Teaching EFL – Idioms Part 7

Idioms: Thing

‘Terry has a thing about spiders. If there’s one in the bath, he won’t go in the bathroom’. If you have a thing about something, you have strong feelings about it, especially feelings that are unusual or unreasonable. The expression can also be used in a more positive sense to mean to have a craving for something, as in ‘Martin has a thing about strawberry ice-cream. He just can’t get enough of it’. It can also refer to people. If you have a thing about someone, you are obsessed with them in some way, as in ‘I know it sounds crazy but she has a thing about George Michael. She’s got all his albums’.

If something is quite the thing, it is very popular or fashionable, as in ‘Baggy jeans were once quite the thing among teenage boys’. If you know a thing or two about something, you are actually quite an expert, as in ‘Old Tom knows a thing or two about badgers’.

When you are explaining something, the expression for one thing is used for saying that the reason, detail or example you are giving is not the only one, as in ‘I refuse to have a cat in the house. For one thing, I’m allergic to the bloody creatures’.

If you are explaining why something did or did not happen, you can use the expression what with one thing and another to refer to many different events in a way that is not specific, as in ‘What with one thing and another, we didn’t get back to London until four o’clock in the morning’.



Make or do? It’s a frequently asked question. In terms of time, if you make time, you keep some of your time available for a particular purpose, as in ‘I’ll try and make time to deal with it next week’. If you aredoing time, however, you are in prison. Presumably, you pass the time in your prison cell (prevent yourself from becoming bored) by reading or watching TV.

On the outside again, you are more likely to find yourself in the situation of needing to kill time (make it pass more quickly by doing something instead of just waiting), as in ‘Our flight was delayed by five hours so we killed time by having a nice meal’.

Sometime1s, however, you may need more time to prepare for something or decide about something. In that situation you might play for time (cause a delay) and if you are the sort of person who reacts negatively to being nagged to do things more quickly by other people, you might say ‘I’ll do it in my own good time‘ (in other words, when it is convenient for you and not before).

But, naturally, time waits for no one (used when telling someone to do something soon) and sometimes things happen more quickly than you expect, as in ‘We got a taxi from the airport and were in the city centre in next to no time‘.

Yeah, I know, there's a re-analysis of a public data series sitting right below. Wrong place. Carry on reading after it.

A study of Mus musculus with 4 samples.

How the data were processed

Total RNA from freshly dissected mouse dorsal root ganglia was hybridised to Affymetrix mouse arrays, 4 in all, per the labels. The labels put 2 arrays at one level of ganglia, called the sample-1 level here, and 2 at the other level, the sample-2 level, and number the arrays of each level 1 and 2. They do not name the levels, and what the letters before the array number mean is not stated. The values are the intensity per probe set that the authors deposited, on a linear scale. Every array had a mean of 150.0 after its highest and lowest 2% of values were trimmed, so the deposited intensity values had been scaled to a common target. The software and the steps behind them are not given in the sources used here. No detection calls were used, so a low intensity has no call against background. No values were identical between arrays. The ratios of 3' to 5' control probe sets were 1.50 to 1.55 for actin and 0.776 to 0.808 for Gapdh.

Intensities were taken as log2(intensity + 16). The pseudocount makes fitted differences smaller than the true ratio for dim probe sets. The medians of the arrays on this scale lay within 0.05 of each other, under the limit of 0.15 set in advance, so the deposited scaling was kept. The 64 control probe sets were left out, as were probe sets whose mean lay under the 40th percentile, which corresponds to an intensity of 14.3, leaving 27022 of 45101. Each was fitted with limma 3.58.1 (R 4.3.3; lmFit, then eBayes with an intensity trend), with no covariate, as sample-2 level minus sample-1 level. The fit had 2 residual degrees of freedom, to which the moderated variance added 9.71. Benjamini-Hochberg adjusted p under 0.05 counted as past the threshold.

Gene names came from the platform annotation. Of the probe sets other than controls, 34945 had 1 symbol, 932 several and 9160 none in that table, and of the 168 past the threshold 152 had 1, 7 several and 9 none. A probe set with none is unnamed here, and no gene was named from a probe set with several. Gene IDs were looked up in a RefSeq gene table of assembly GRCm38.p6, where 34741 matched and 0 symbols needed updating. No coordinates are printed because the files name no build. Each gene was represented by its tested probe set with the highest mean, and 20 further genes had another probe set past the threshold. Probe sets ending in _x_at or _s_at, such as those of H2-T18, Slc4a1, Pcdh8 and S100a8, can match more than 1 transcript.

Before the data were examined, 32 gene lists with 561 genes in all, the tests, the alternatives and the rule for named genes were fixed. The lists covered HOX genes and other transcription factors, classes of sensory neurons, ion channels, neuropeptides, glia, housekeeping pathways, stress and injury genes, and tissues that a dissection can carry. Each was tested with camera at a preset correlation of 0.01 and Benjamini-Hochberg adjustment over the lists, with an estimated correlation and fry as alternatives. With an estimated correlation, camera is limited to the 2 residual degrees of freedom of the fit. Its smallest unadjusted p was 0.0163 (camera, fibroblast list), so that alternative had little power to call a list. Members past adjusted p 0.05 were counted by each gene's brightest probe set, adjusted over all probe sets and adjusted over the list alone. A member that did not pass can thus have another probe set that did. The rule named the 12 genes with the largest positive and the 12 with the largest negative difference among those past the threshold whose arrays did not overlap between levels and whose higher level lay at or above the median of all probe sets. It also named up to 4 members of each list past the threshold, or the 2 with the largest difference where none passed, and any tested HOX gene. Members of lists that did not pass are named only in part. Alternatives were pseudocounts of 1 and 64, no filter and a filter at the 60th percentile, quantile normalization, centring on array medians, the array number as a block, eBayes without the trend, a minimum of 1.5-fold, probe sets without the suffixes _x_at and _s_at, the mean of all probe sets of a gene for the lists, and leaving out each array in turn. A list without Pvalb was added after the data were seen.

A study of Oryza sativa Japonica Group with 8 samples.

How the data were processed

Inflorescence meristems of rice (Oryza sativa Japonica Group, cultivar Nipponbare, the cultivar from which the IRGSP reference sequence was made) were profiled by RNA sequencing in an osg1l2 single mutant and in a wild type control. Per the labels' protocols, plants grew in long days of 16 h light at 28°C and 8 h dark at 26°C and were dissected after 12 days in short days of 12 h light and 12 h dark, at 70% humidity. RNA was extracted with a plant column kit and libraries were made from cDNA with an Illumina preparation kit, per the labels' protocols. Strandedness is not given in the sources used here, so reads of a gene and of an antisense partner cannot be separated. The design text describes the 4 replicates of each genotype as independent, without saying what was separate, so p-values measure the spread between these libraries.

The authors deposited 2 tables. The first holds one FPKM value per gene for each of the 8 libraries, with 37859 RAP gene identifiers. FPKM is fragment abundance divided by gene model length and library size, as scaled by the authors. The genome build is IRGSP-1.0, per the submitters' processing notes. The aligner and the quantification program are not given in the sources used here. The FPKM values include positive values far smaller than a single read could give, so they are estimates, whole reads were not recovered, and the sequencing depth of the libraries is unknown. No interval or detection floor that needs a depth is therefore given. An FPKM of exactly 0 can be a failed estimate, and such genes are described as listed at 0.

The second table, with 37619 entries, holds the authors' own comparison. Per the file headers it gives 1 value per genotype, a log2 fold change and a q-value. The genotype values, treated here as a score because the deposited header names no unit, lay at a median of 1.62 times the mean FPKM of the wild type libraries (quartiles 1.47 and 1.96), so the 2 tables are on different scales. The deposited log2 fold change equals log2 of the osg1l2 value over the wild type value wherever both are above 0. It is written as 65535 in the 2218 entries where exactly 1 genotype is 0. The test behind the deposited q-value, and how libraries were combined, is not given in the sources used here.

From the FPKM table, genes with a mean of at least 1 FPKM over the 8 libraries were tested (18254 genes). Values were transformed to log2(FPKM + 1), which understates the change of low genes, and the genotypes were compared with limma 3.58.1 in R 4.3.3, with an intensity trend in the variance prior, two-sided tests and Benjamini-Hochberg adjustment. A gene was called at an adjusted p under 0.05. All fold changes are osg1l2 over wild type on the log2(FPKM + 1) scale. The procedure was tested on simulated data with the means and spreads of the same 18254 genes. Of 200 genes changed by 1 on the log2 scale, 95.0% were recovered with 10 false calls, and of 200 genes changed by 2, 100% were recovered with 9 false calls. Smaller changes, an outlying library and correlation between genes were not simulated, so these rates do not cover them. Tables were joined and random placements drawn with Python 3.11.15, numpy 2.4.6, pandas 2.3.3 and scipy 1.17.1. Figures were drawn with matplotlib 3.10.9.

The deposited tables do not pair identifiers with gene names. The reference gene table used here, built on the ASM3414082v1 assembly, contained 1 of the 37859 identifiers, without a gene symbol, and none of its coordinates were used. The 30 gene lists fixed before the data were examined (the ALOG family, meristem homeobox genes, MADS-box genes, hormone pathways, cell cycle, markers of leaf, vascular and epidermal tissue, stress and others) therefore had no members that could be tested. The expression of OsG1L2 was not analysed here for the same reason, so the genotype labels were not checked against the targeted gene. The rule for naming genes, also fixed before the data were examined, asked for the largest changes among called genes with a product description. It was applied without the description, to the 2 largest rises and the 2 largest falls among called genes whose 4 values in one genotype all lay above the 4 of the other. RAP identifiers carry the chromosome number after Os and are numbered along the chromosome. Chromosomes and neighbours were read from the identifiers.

If you see something unusual, shocking or outrageous, instead of screaming or bursting out laughing, you might react with typical British sang-froid and say ‘Well, there’s a first time for everything‘.

Finally, if you like or admire someone a lot, you might say ‘I’ve got a lot of time for her’ but, if the opposite is true, you would say ‘I don’t have much time for her, I’m afraid’.

Idioms: Trick

‘He’s the type of football manager who will use every trick in the book to unsettle his rivals’. This means that the person in question will try every possible method in order to achieve his objectives.

A person who is up to their old tricks or up to their usual tricks is doing the same annoying or bad things they usually do, as in ‘I see Perkins is up to his old tricks again, phoning in sick on a Monday morning after partying all weekend’.

The oldest trick in the book is a dishonest method of doing something that people know about because it has been used many times before, as in ‘Phoning in sick when the weather is nice is the oldest trick in the book‘.

A person who never misses a trick never fails to exploit an opportunity when one arises, as in ‘This is a company that never misses a trick when a gap appears in the market’.

If you have a trick up your sleeve, you have a plan that you can use if you need to, as in ‘With just five minutes to go, Johnston had one more trick up his sleeve and brought on the last of his three substitutes. Itdid the trick and within two minutes City had scored the equalizer’. Here the phrase do the trick means to do what is needed in order to achieve something.

It can also be used in much the same as hit the spot to describe something that does exactly what you need it to do, as in ‘That cup of coffee really did the trick. I feel wide awake now’.



Idioms: Turn

‘We tried to get the plan accepted but we ran into problems at every turn‘, meaning that problems were encountered every time they tried to do something. If you speak (or talk) out of turn, you say something that you should not say because you have no right to say it or because it upsets someone. The expression is often used when people want to say something that others might find controversial, as in ‘I hope I’m notspeaking out of turn but I think you’re all missing the point’.

If you do someone a good turn, you help them in some way, as in ‘You could do me a good turn by taking all that stuff that’s piled up in the garden to the rubbish dump’, and the expression one good turn deserves another is used for saying that you should be kind to someone who has been kind to you.

A turn of phrase is a way of saying something, as in ‘That’s a rather unfortunate turn of phrase, if I may say so’. It can also mean a particular way of expressing yourself, particularly in writing, as in ‘As a letter writer she has a neat turn of phrase‘. The expression turn of speed, meaning the ability to go very fast, can be applied both to people and to vehicles, as in ‘In the last 400 metres, he produced a sudden turn of speed, which left his rivals standing’ or ‘The latest model has an amazing turn of speed, going from 0 to 60 miles per hour in seven seconds’.

In cooking, if something is done to a turn, it is cooked for exactly the right amount of time.